Shunga – Erotica for the People

In early modern Japan, thousands of sexually explicit paintings, prints, and illustrated books with texts were produced, known as ‘spring pictures’ (shunga). Official life in this period was governed by strict Confucian laws, but private life was less controlled in practice.


Shunga is in some ways a unique phenomenon in pre-modern world culture, in terms of the quantity, the quality and the nature of the art that was produced. Its production was widespread between 1600-1900. For such a popular and prolonged school of art it remains relatively unknown and unexplored. The British Musuem recently held an exhibition of shunga; in his introduction Tim Clark, the curator of the exhibition, says that experts are “pretty sure that everybody in Japanese society from the ruling class down to the ordinary townsperson in the street used and enjoyed Shunga. This is a situation that would have been inconceivable in Europe at the same time.” It’s a shame then that little seems to be happening in Japan to further our understanding of this openly joyful art.

As the subtitle to the exhibition suggests – ‘Sex and Pleasure in Japanese Art’ – there is much sensuality and, indeed, great humour, in the varied and beautifully detailed works. During the twentieth century, shunga was all but removed from popular and scholarly memory and became taboo. It’s hard to see how these pictures can be considered offensive or profane; although explicit, there is always a light-heartedness to undercut any risk of overly seedy appearances.

Frequently tender, funny and beautiful, shunga were mostly done within the popular school known as ‘pictures of the floating world’ (ukiyo-e), by celebrated artists such as Utamaro and Hokusai. Early modern Japan wasn’t exactly a place of sexual liberation, especially for women; however, the values promoted in shunga are generally positive towards sexual pleasure for all participants. With their focus on lovemaking, whether it is heterosexual or homosexual, in pairs or groups, there is such tenderness, humour and honesty in these works of art. Shunga is also known for its mutuality – pleasure for women as well as the men – and the shared pleasure is obvious in many of the pieces.

By far the majority of shunga depict the sexual relations of the ordinary people, the chonin, the townsmen, women, merchant class, artisans and farmers. Courtesans also form the subject of many shunga. Utamaro was particularly revered for his depictions of courtesans, which offered an unmatched level of sensitivity and psychological poise. Tokugawa courtesans could be described as the celebrities of their day, and Edo’s pleasure district, Yoshiwara, is often compared to Hollywood. Men saw them as highly eroticised due to their profession, but at the same time unattainable, since only the wealthiest, most cultured men would have any chance of sexual relations with one. Women saw them as distant, glamorous idols, and the fashions for the whole of Japan were inspired by the fashions of the courtesan. This fetishisation of the courtesan lifestyle is often reflected in shunga, though an overemphasis on glamour tends to ignore the realities of virtual sex slavery. It seems that Utamaro came closest to representing reality for these women, as they are often tragically depicted dreaming of escape and a better existence.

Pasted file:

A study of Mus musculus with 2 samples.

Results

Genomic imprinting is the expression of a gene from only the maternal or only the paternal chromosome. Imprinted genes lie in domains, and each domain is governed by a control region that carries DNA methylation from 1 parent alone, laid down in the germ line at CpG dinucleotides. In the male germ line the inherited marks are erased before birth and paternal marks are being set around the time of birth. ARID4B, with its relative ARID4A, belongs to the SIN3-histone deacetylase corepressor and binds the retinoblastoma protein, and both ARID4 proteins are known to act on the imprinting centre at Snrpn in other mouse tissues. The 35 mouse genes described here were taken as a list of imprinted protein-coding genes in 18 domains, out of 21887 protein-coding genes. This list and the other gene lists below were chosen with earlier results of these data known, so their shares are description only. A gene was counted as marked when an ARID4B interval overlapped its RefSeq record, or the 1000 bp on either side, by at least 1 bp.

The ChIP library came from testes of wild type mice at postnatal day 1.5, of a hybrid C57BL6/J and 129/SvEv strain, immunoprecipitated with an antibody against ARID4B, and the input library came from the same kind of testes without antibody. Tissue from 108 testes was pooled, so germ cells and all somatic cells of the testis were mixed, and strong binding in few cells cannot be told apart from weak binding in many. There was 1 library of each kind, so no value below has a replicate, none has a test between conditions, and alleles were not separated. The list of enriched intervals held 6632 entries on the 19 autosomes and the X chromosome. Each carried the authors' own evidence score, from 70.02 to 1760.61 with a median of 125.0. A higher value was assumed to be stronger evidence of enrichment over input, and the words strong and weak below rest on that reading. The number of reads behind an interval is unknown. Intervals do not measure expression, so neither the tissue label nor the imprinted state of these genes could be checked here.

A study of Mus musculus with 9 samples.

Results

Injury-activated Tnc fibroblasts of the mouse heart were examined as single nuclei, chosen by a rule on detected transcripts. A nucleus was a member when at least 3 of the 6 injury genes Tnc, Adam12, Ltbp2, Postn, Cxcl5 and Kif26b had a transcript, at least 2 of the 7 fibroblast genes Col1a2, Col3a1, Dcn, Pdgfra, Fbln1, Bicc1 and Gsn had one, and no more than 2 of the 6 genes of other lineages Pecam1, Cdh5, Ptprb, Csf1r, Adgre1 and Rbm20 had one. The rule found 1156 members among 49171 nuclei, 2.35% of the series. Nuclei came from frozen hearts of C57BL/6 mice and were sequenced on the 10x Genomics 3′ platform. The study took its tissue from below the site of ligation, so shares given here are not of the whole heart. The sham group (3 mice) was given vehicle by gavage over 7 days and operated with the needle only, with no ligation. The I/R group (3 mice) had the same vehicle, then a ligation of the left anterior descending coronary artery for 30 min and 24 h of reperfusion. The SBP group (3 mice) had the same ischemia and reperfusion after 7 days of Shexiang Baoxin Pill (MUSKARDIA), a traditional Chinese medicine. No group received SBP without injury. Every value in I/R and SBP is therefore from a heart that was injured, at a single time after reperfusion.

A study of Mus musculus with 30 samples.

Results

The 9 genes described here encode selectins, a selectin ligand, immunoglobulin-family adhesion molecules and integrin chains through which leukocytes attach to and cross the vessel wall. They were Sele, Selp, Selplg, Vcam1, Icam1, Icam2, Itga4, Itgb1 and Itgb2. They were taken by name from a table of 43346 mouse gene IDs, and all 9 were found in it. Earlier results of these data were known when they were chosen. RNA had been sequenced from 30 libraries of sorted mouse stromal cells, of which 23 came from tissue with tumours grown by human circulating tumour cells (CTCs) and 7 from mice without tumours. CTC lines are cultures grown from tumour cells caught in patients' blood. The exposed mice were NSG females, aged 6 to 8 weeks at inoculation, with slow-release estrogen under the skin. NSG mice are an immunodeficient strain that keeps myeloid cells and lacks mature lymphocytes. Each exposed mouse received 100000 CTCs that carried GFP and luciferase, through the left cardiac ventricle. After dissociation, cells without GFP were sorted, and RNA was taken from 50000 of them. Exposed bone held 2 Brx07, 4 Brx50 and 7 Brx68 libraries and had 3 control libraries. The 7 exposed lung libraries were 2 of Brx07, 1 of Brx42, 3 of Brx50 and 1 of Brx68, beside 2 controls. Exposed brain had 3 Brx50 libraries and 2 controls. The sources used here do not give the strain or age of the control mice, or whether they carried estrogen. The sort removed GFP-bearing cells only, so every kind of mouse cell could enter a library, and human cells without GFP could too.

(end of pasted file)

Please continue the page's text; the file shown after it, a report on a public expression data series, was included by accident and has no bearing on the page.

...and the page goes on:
Shunga was probably enjoyed by both men and women of all classes. Superstitions and customs surrounding shunga suggest as much; in the same way that it was considered a lucky charm against death for a samurai to carry shunga, it was considered a protection against fire in merchant warehouses and the home. Although explained away as superstition, the common reason to own shunga was far more libidinous. Separation from the opposite sex for prolonged periods was common; the samurai lived in barracks for months at a time, and conjugal separation resulted from the sankin-kōtai system, and the merchants’ need to travel to obtain and sell goods meant they could be at sea for months at a time. Much of the evidence suggests that superstition surrounding shunga was maintained simply to keep up appearances, when really the men and women who enjoyed the work were probably looking to just have a crafty wank.

Perhaps the most famous shunga ever produced is Hokusai’s The Dream of the Fisherman’s Wife (pictured above) which is taken from the book Kinoe no Komatsu (English: Young Pines), a three-volume collection of shunga published in 1814. The zoophilic picture shows a woman, probably an ama (shell diver) receiving oral sex from two octopi. The Dream of the Fisherman’s Wife is not the only shunga to show the possibilities of love between woman and octopus, and in fact there are several examples of sultry cephalopod action from Hokusai’s contemporary Yanagawa Shigenobu. No matter your opinion on the value and importance of shunga, it’s undeniable that they offer a view back into the private desires and motivations of a past Japanese culture. It’s easy to forget that figures from the past were real people too, and what better way to bring into focus a distant culture, than to have a brush with its kinky side.